Alison Healy of the State's Attorney's Office, second from right, speaks during a forum on stalking. She is with, from left, Barbara Przbylski of Absolute Investigation, Cpl. Lisa Lane of the Harford County Sheriff's Office and Gwendolyn Tate of SARC. (BRYNA ZUMER | AEGIS STAFF / February 4, 2014)

Stalking continues to be a problem in Harford County and around the state, a group of local speakers said at a community forum held by the county's Commission for Women on Thursday.

The four presenters – Barbara Przbylski, of Absolute Investigation, Gwendolyn Tate, of SARC, Alison Healy, of the State's Attorney's Office, and Cpl. Lisa Lane, of the Harford County Sheriff's Office – talked to a crowd of about 18 people about dealing with stalkers.

The free forum at the McFaul Activity Center in Bel Air was held as part of National Stalking Awareness Month.

The presenters said it Is important for victims to document all signs of stalking and to recognize that they are victims.



Healy added that some people write in a journal, which can also be useful as evidence.

Maryland's anti-stalking law is not very good, the presenters agreed, because it requires proof of intent to stalk.

Stalking is a misdemeanor, but can still carry jail time, Healy noted.

She recalled a recent case with an 18-year-old, who was stalking his on-and-off girlfriend, in a relationship that ultimately became volatile.

She said the young man was using a technique called "spamming" to try to jam the girl's cell phone by sending incessant text messages.

He ultimately pleaded guilty and went to jail, Healy said, even though he had no prior record.

Healy noted Harford County investigates about 1,200 domestic violence cases annually, of which stalking cases are a part.

Przbylski said it is sometimes useful to have friends document events, too.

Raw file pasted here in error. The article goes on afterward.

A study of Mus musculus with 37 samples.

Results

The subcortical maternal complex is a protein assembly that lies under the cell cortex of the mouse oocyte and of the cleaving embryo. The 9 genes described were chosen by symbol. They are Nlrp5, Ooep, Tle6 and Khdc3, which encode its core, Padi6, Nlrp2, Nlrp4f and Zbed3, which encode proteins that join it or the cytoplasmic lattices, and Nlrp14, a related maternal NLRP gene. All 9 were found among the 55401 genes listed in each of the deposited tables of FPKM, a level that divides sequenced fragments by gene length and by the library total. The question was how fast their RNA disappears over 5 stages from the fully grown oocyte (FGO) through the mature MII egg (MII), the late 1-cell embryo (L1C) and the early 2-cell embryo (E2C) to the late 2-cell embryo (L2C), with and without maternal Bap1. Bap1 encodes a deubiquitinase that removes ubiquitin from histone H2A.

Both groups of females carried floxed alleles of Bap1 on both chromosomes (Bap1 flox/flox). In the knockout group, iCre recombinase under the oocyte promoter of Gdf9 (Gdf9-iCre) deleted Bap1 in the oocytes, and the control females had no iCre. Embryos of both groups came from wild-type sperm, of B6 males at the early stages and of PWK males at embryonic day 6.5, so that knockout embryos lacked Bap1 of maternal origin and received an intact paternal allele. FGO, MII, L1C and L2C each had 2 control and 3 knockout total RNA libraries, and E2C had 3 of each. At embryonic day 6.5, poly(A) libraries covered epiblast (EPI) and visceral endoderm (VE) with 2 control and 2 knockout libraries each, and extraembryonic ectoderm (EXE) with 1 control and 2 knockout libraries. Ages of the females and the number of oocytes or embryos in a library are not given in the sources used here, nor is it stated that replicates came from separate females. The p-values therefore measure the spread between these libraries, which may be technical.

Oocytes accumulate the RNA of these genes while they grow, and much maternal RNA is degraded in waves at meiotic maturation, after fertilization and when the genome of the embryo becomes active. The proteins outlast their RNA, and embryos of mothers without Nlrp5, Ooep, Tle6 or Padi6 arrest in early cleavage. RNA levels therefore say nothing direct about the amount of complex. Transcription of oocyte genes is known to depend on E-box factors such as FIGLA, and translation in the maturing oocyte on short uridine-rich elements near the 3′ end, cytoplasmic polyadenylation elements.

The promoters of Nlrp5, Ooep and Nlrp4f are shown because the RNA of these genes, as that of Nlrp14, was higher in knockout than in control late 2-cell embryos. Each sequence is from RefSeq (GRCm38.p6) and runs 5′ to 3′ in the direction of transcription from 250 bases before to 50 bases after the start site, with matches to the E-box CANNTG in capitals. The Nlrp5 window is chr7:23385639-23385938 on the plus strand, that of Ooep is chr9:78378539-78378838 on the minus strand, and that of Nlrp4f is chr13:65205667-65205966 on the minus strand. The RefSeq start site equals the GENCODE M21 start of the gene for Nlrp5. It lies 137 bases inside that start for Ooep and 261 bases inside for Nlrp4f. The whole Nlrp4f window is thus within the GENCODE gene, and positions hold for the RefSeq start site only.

"Sometimes it's not just the person being stalked, but it's a friend who can solidify it, or a family member," she said. "Sometimes other people notice it before you notice it."

Przbylski also said she has seen more people asking for background checks on their significant others.

"I think we need to be more aware of who we are dating," she said.

Technology can become a major tool for stalkers, who are often very tech-savvy and come up with new programs or ways to keep tabs on their victims, the presenters said.

Tate said she has seen cases where GPS devices were found installed in victims' cars, or the suspect used a keystroke logging program to track the victim's computer or phone use.

One significant action victims or potential victims can take to prevent stalking is to turn off the GPS tracking on their phones. They can also vary the routes they drive, install cameras or put in outdoor lighting.

Some suspects used a technique called "spoofing" to hide the number they were calling from.

Przbylski said she just did an investigation on a woman's house in which nine phone bugs were found.

Ultimately, Healy said, stalking is "all about having power and controlling the behavior."

Preventing people from stalking again is also very difficult, Healy and Tate said.

Tate said about one-third of stalkers will stalk again or stalked previously.

Even seemingly innocent cases of stalking should be reported to police.

"What could be a pest stalker today could certainly become a violent person down the road," Lane said. "You need to consider them all dangerous."